Mythological

  • Q1. Who is the Founder of Buddhism?

    Buddhism was founded by Sakyamuni Buddha. He was a Prince of Kapilavatthu in Northern India (currently Nepal) in about 600 B.C. and was named Siddhartha Gautama. He was perturbed by the suffering of ageing, sickness and death, and when he saw a monk looking so calm and peaceful, he decided to renounce the world to seek the truth of life and universe. After several years of cultivation, finally sitting under a Bodhi tree in deep contemplation, he was fully enlightened and was entitled as the Buddha.

  • Q2. What is Buddhist scripture and how important is it?

    The Buddhist scripture is the Buddhist Canon or Tripitaka. It includes Sutras (Dharma or Buddha’s teachings), Vinaya (Precepts) and Abhidharma (Commentary). The voluminous Tripitaka is estimated to be about eleven times the size of the Bible.

    Before the Buddha passed away, he told his disciples, “Whatever doctrine and discipline have been taught and promulgated by me, they will be your teacher when I am gone.” Thus the Tripitaka becomes the sole guide and source of inspiration to all Buddhists.

  • Q3. What does the lotus flower symbolize in Buddhism?

    The lotus flower is one of the most complex and prominent Buddhist symbols of purity and enlightenment. From the swampy depths, lotus flower grows into an uncontaminated, exquisite and fragrant flower. Likewise, people can emerge from ignorance, become pure and blossom into enlightenment. The lotus is also a cosmic flower, representative of the supramundane. Most of the Buddha and Bodhisattva figures are on lotus thrones.

  • Q4. Why are elephant statues usually displayed in Buddhist temples?

    The symbol of elephant represents endurance and a character that is strong and unshakable. According to Buddhist texts, Sakyamuni Buddha’s mother, Queen Maya dreamt that a white elephant with six tusks entered her side – a sign of divine conception. Thus, a white elephant has long been synonymous with the Buddha himself.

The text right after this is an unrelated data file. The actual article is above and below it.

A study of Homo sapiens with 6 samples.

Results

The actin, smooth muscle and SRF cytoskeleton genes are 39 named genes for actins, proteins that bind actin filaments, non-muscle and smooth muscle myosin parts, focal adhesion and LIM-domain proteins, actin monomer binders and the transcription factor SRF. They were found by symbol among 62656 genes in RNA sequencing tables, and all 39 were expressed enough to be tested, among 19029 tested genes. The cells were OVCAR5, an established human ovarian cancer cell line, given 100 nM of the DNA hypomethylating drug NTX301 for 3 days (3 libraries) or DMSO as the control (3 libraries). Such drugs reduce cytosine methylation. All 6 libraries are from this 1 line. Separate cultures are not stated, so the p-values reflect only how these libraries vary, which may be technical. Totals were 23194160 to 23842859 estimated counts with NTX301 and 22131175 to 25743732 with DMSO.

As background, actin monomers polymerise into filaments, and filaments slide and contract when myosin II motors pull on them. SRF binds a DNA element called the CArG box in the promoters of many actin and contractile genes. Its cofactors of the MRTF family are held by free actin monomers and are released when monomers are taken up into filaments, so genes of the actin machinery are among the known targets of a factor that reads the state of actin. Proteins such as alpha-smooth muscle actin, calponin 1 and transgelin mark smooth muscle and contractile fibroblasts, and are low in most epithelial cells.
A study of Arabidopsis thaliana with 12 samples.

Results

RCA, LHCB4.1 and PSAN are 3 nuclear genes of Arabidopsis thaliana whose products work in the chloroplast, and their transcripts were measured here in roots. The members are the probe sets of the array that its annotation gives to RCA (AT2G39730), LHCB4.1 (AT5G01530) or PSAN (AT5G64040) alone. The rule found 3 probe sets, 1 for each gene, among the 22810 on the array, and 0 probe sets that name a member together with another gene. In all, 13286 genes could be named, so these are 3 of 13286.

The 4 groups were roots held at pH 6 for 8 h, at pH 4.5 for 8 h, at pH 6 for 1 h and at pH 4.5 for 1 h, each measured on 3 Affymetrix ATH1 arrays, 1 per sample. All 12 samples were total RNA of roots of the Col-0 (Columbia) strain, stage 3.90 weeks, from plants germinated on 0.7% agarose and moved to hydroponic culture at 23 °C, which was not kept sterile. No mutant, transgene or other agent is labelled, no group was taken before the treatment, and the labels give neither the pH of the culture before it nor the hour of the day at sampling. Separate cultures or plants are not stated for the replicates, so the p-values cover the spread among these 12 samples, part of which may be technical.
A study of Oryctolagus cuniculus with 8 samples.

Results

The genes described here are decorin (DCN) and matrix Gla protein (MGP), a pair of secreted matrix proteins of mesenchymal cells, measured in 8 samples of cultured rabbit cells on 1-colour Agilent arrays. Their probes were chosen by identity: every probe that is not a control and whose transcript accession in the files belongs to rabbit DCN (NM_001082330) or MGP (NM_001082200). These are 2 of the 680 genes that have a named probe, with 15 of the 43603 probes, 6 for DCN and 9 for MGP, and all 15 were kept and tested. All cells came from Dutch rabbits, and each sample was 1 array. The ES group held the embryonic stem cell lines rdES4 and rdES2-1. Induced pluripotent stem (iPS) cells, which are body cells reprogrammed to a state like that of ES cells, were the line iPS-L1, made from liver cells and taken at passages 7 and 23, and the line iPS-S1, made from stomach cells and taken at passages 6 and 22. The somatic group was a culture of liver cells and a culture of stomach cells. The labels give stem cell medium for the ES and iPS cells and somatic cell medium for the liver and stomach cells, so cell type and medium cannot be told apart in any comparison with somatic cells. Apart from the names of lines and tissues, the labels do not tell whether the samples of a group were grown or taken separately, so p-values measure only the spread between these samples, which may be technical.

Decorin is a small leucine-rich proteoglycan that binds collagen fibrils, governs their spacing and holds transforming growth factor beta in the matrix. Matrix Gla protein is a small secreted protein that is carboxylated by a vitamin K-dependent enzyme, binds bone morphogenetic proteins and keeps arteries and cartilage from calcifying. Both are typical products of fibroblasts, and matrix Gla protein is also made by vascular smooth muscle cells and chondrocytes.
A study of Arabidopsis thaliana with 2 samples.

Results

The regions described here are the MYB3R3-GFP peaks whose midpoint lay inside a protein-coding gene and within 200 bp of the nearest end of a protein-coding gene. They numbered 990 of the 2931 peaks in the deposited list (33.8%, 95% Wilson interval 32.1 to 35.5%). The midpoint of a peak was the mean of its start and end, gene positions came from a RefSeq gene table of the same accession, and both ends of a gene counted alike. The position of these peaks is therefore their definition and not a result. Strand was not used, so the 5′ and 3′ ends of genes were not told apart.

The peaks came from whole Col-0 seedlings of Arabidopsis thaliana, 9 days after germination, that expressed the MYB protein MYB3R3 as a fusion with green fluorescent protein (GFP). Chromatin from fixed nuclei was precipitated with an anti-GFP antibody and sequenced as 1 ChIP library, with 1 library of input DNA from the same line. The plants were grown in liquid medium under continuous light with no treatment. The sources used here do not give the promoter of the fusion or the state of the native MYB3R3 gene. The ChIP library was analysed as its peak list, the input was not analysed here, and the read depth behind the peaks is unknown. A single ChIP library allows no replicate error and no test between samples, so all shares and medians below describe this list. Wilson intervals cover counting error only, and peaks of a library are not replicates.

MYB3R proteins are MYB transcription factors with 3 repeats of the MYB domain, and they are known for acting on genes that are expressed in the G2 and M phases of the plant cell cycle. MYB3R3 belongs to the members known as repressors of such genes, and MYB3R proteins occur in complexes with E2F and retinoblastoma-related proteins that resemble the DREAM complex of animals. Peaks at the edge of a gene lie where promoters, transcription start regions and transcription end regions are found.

• Q5. What is the sign found on the chest of many Buddha statues?

    A Sauvastika sign is usually seen on the chest of Buddha’s statues. It is an ancient auspicious sign used over 3,000 years ago in ancient Persia, Greece, India etc. with the symbolic meaning of universality and the power to overcome evil. The arms of the Buddhist Sauvastika point in a counterclockwise direction and the sign is always in an upright “+” position.

    It is NOT related to the Nazi sign of Hitler who made use of it, reversed its direction, tilted it in an ‘X’ position and named it Swastika.

  • Q6. Do you think that Siddhartha Gautama wanted Buddhism to become a famous religion and world known or just a way of life? And what do you think his purpose was?

    To Sakyamuni Buddha, his prime intention is to teach people the truth of life and the universe and to guide them to the way of enlightenment - a way that leads us to liberation and ultimate happiness. Buddhism is more than a religion and a way of life but is a perfect education as we address Sakyamuni Buddha as our ‘original teacher’. ‘Buddhism’ refers to his teaching and practice. Buddha never had the intention of establishing his status or soliciting fame and praise from people in propagating his teaching but purely to benefit others and deliver people from suffering. Please refer to the website for more information.